A Patch reader wrote that he was concerned about unmarked police cars in Newtown. He asked, "How do we know if someone is a police officer or not?"
According to Newtown Police Lt. Richard Robinson, there are many types of unmarked police cars, both state and local, that are allowed to pull over a driver. His advice for anyone who is uncomfortable or uncertain about the authenticity of the stop can do several things before pulling over.
- Alert the officer that you are aware you are being pulled over, either by hand signal or flashing lights
- Pull over to the shoulder and continue to drive slowly to a well lit and heavily populated area
- Call 911. As long as you can show the officer that the call you were making was to 911, you will not be ticketed for making the call while operating the vehicle. Calling 911 is never an infraction while driving.
A check of police logs shows very regularly, people not only take the risk of driving without a license or a suspended license, they continue to break other driving laws as well.
In only the first three days of August, three drivers were found to be driving in Newtown without a valid drivers license.
On August 1, Juan Milian, 22, who was driving his 2001 Jetta alone, was involved in a single-car accident near the Citgo Gas Station that resulted in his being transported to the Danbury Hospital. He received a ticket for making a restricted turn and for Operating Without a License.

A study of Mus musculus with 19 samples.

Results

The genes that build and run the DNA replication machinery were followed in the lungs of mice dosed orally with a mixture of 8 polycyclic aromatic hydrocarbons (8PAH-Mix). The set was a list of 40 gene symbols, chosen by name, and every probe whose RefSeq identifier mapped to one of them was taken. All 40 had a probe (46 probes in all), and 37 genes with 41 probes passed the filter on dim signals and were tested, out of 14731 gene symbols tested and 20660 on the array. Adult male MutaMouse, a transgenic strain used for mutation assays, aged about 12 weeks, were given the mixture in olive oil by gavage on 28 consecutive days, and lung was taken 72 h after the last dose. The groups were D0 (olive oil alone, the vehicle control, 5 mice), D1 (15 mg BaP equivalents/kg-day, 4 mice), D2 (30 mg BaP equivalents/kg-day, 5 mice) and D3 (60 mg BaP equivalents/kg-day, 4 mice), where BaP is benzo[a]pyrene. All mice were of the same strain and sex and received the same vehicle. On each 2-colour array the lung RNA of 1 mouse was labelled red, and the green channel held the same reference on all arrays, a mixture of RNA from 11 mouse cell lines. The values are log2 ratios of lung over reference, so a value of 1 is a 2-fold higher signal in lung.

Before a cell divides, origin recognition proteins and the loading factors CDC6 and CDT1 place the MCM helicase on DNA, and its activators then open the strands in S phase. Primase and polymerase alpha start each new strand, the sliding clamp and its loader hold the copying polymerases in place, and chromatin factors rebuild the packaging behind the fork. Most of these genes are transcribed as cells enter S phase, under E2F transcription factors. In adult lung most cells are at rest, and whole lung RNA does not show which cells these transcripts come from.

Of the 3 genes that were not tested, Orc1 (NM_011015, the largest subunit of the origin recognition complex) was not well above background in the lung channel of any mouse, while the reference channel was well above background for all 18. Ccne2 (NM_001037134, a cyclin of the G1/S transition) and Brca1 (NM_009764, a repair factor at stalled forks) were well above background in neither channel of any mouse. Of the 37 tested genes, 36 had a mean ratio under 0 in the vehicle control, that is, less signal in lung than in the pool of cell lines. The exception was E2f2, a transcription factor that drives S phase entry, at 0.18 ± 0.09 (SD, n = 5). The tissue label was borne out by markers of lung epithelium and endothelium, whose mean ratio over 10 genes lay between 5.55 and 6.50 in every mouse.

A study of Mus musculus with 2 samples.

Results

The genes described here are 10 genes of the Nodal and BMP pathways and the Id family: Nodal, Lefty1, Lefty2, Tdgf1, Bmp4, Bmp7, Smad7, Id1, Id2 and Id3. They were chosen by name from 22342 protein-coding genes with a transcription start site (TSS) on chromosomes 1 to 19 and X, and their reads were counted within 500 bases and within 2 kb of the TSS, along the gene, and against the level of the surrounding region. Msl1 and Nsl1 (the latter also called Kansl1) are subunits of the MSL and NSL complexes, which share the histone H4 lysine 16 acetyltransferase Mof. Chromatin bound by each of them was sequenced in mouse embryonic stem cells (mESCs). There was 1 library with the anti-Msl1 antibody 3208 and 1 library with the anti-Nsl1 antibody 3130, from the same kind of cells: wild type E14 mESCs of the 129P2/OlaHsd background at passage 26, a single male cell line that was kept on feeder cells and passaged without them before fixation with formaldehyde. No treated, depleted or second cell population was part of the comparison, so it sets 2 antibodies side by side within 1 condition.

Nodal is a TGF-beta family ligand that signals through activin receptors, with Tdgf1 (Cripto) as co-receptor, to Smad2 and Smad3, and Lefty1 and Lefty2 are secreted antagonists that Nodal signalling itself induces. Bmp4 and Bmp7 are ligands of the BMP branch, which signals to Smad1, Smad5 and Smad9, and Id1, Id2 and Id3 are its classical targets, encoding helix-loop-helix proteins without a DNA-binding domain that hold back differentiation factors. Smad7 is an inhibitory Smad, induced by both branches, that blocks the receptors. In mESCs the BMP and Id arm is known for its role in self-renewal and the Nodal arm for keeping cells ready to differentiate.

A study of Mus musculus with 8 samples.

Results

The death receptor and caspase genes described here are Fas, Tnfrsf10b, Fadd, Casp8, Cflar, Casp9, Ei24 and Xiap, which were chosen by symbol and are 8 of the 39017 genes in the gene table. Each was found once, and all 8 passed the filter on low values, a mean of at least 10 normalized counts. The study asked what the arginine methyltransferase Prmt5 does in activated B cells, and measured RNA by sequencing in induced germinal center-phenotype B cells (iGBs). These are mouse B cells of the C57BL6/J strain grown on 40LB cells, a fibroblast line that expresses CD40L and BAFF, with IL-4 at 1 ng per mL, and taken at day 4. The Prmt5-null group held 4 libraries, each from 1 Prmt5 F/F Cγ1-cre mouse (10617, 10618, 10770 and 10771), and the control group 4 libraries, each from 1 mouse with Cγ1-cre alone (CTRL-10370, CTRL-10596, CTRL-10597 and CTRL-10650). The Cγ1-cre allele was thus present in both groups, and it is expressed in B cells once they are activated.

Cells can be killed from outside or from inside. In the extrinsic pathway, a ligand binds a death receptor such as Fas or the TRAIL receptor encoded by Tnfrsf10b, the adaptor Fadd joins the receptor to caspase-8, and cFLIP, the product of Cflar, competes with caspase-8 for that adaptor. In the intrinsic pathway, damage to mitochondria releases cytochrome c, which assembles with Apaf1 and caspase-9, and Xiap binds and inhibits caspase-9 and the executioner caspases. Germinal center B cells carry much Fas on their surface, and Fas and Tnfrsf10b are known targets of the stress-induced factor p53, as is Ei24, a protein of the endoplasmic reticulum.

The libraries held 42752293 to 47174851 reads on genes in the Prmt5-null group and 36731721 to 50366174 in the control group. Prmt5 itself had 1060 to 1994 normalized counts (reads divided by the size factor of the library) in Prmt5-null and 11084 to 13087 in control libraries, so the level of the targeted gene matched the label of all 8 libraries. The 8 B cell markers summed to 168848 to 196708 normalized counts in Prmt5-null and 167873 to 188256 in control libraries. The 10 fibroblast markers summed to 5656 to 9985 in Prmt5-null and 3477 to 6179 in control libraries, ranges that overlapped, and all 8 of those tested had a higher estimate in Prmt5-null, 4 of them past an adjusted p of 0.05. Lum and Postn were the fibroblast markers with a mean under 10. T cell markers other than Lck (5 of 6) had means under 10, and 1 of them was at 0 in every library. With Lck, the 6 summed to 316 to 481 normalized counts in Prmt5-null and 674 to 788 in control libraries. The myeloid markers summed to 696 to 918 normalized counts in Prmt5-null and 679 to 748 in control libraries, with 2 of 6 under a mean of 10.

Early in the morning of August 3, Phillip Pearl, 26, was driving a 2007 Nissan Sentra on Wasserman way. Pearl was stopped for traveling fast. Upon investigation, it was discovered Pearl's license was suspended. He received an infraction, was released and given a court date of August 16.
Also on August 3, at 11:25 a.m., John Gill, 26, Cherry Street, was observed driving very fast. He then passed another car in a no passing zone and was arrested for Operating with a Suspended license, Passing in a No Passing Zone and Traveling Fast. He was charged and released on a $100 fine with a court date on August 16 in Danbury Superior Court.
Newtown Police Lt.. Richard Robinson said officers must have probable cause to stop a driver, which is why there are almost always accompanying charges.
Robinson said that for a first offense, the fines for driving with a suspended license can range from $150 to $200, and up to 90 days in jail, or both, depending on the severity of the circumstances.
For a second offense, the fines can range from $200 to $600, and up to one year in jail, or both. “It’s a misdemeanor,” Robinson said, noting that the cause of most suspensions is the neglect to pay a fine.
“Usually once the fine is paid, the license is reinstated,” he said, although he added that there are many reasons for license suspension. “If teens break curfew, that automatically results in a suspended license,” he said.
Court judgments often result in license suspensions and being arrested for DWI is also a sure fire way to lose an operator’s license.